FEAST OF ST. CLEMENT, BISHOP OF ROME. Died perhaps by martyrdom, about the year 100.
ST. PAUL writes to the Philippians (iv. 3): --"Clement, also, and . . . other my fellow-laborers, whose names are in the Book of Life."
Notwithstanding some alleged difficulty in the way of identification, this saint, certified as such by the voice of inspiration, is considered to be the same as the St. Clement we memorialize today, and who is counted either as the immediate or as the third successor of St. Peter.
His own writings survive as his worthy monument. Otherwise, despite its remaining historically uncertain whether or not he attained the martyr's palm branch, a legend assigns to him as monument a beautiful chapel raised by angels beneath the sea and enshrining his body. For, according to this tradition, he had been exiled from Rome to the marble quarries of Pontus; where he found and encouraged fellow-Christians, and converted pagans: for which latter good work he was condemned to be drowned with an anchor fastened to his neck. Afterwards, in answer to prayer, the sea receded and disclosed the angelic erection.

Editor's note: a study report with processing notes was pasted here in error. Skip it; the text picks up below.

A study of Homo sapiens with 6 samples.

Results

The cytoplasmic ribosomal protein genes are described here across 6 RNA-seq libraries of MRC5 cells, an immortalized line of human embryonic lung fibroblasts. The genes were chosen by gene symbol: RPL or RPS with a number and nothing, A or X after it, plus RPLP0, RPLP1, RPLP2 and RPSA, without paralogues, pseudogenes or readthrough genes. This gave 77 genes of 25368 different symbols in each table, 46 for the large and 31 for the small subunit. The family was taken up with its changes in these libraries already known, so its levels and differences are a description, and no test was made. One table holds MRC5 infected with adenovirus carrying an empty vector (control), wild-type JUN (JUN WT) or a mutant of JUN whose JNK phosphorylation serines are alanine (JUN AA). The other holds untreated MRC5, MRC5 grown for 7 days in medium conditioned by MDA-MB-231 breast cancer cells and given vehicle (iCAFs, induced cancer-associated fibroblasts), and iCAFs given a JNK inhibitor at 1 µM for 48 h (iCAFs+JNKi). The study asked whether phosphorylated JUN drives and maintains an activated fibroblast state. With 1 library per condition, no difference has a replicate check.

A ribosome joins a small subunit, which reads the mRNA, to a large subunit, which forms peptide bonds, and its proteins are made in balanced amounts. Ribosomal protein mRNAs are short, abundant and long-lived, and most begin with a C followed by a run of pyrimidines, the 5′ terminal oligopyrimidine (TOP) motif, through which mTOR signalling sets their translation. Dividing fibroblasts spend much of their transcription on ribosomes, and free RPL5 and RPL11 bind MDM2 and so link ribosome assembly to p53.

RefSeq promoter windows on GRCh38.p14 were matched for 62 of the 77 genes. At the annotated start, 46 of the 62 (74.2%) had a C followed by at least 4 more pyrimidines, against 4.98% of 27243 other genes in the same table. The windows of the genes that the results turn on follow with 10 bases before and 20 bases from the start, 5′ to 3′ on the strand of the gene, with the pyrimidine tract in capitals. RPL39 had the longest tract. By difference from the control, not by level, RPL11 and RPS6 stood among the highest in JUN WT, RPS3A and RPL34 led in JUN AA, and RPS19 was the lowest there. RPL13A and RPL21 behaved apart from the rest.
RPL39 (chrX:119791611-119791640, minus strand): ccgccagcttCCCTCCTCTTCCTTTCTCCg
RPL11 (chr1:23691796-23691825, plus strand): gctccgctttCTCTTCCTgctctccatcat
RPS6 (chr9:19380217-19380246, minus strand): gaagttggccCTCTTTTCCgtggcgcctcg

Another pretty legend relates how in his place of banishment water could only be procured from a spring six miles distant, adding to the weary toil of the quarries. "One day Clement saw a lamb scraping at the soil with one of its forefeet. He took it as a sign that water was there; dug, and found a spring."
Yet what matter mistakes or silence of earthly records concerning any "whose names are in the Book of Life?" Of all such we know assuredly that they shall thirst no more, but the Lamb which is in the midst of the Throne shall lead them unto living fountains of waters, where there shall be no more sea.